NASA's Ingenuity Mars helicopter flew yet again on Thursday (Feb. 16), covering more Red Planet ground than it had on a single sortie in nearly a year.
The flight was the 43rd overall (opens in new tab) for the 4-pound (1.8 kilograms) Ingenuity, which landed on the floor of Mars' Jezero Crater with the Perseverance rover in February 2021.
This latest hop covered 1,280 feet (390 meters) of Red Planet ground, according to Ingenuity's flight log (opens in new tab). Ingenuity hadn't flown that far since April 29, 2022, when it traveled 1,371 feet (418 m) across Jezero's floor.
Related: Mars rover Perseverance spots Ingenuity helicopter resting on sand dune (photo)
Ingenuity has completed Flight 43 – its longest flight in nearly a year! 🎉The #MarsHelicopter traveled 1,280 ft (390 m) across the Martian surface for 145.99 seconds at a max. altitude of 40 ft (12 m). https://t.co/1CXIWdYIAQ pic.twitter.com/wxSVvSRcaNFebruary 16, 2023
That April 29 hop didn't set a record, however; Ingenuity's longest-ever flight occurred three weeks earlier, on April 8, when the little robot put 2,310 feet (710 m) on its odometer.
During its 43 Mars flights to date, Ingenuity has covered a total of 28,968 feet (8,829 m), according to the mission flight log — nearly 5.5 miles (8.9 kilometers). That's quite impressive for a technology demonstration that was originally supposed to fly just five times on the Red Planet.
Ingenuity long ago transitioned out of that original mission. The rotorcraft is now serving as a scout for Perseverance, which is searching for signs of past Mars life and collecting and caching dozens of samples for future return to Earth.
Jezero is a great place to do such work, mission team members have said: The 28-mile-wide (45 km) crater hosted a big lake and a river delta billions of years ago.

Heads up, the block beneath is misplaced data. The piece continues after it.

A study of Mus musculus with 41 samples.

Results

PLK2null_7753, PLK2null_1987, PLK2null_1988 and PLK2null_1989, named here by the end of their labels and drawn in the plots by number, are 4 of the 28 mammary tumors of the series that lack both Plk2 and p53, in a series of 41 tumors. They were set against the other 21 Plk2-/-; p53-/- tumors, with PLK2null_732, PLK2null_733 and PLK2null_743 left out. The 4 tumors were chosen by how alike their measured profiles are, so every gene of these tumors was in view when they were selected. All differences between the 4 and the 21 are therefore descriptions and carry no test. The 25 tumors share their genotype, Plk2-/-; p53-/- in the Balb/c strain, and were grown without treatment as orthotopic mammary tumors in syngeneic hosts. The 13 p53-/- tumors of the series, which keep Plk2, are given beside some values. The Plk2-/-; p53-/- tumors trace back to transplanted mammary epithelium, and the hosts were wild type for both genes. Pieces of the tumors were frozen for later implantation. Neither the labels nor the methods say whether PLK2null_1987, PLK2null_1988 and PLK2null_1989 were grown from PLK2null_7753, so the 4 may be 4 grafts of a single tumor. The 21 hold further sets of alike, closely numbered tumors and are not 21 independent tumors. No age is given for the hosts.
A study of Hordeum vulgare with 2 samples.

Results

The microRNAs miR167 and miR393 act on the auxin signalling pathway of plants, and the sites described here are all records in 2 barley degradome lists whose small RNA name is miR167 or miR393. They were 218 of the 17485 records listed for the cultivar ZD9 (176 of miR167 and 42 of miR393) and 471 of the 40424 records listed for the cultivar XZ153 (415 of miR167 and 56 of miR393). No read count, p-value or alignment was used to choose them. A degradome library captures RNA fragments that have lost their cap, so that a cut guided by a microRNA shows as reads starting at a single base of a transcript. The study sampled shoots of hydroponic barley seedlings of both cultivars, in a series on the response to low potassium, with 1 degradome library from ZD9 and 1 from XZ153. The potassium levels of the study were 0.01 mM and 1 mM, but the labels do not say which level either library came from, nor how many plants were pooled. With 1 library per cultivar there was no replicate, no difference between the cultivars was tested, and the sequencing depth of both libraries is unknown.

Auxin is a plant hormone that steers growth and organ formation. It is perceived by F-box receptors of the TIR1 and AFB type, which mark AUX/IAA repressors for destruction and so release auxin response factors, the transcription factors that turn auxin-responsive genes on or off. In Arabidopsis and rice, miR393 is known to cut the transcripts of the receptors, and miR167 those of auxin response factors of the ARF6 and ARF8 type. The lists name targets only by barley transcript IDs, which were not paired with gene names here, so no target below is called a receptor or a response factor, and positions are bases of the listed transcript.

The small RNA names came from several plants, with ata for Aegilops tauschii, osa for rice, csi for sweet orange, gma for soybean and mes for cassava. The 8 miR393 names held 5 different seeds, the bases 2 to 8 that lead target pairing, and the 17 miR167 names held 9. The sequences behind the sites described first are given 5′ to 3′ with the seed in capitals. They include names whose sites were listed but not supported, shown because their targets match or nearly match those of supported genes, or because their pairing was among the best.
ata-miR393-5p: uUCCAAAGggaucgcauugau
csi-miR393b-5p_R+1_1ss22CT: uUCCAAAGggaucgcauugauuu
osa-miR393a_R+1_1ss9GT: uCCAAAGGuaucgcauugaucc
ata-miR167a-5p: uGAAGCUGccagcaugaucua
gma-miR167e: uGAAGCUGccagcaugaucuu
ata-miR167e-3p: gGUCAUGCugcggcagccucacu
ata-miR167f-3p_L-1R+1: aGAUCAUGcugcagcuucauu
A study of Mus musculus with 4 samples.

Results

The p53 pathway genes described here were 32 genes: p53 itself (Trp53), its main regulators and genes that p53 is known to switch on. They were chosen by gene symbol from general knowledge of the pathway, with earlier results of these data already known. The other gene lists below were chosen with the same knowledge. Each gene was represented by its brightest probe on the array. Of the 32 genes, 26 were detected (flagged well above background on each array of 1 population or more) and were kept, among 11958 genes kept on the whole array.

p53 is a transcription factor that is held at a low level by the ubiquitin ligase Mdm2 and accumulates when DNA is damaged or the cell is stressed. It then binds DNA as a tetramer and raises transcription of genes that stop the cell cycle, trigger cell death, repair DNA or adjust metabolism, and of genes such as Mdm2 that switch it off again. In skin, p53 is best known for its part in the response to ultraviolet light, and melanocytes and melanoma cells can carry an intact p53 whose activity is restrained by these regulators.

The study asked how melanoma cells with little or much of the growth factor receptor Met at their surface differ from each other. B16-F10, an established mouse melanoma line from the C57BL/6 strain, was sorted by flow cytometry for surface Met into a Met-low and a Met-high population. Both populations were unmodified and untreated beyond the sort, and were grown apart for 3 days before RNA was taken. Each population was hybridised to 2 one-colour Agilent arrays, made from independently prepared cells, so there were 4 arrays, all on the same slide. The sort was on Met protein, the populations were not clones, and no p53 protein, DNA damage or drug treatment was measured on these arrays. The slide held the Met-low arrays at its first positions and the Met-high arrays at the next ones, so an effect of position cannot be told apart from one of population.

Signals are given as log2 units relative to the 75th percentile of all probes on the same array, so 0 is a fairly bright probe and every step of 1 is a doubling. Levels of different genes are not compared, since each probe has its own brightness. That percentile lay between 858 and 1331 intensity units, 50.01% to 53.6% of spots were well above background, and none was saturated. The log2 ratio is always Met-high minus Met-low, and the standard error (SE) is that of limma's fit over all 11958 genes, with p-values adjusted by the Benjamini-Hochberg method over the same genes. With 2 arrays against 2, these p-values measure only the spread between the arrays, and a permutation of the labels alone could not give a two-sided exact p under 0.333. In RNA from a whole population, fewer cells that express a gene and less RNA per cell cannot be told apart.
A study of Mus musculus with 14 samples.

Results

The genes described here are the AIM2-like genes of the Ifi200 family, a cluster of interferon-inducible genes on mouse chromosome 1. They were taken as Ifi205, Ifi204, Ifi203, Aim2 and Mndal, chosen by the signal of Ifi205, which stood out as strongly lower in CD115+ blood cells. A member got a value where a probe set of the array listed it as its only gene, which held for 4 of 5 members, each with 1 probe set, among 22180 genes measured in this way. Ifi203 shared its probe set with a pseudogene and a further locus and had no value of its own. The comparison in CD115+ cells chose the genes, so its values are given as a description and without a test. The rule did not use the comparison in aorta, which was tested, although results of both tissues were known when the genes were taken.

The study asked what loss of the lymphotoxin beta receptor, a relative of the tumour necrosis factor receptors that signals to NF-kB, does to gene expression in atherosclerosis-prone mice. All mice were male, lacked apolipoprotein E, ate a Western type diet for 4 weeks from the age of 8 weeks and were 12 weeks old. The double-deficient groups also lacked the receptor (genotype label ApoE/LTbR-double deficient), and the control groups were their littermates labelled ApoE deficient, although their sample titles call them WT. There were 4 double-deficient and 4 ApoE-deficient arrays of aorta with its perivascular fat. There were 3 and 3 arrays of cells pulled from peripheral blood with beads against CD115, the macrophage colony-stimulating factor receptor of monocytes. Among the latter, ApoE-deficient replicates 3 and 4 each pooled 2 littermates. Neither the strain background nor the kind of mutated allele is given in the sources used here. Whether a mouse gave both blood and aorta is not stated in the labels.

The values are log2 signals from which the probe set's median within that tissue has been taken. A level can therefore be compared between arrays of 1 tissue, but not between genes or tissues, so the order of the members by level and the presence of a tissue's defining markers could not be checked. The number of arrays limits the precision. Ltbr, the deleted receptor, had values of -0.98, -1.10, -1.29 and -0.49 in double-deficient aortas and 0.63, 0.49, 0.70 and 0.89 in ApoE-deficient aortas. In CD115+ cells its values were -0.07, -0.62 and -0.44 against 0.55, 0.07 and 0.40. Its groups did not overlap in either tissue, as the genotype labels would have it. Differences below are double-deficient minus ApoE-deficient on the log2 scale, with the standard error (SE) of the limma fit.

Perseverance recently finished setting up a backup sample cache in a patch of Jezero that the rover team calls Three Forks. The 10 tubes in the Three Forks depot will be collected by Ingenuity-like helicopters late this decade if Perseverance isn't healthy enough to deliver its onboard samples to a rocket-toting lander itself. That rocket will blast the samples to Mars orbit, where a spacecraft will snag them and haul them back to Earth, perhaps as early as 2033 — a sample-return campaign that NASA will undertake with the European Space Agency.
Perseverance is now beginning to climb up Jezero's ancient delta formation, to explore this different and intriguing environment. The rover has put 9.05 miles (14.57 km) on its odometer since touching down, according to mission team members (opens in new tab).
Mike Wall is the author of "Out There (opens in new tab)" (Grand Central Publishing, 2018; illustrated by Karl Tate), a book about the search for alien life. Follow him on Twitter @michaeldwall (opens in new tab). Follow us on Twitter @Spacedotcom (opens in new tab) or Facebook (opens in new tab).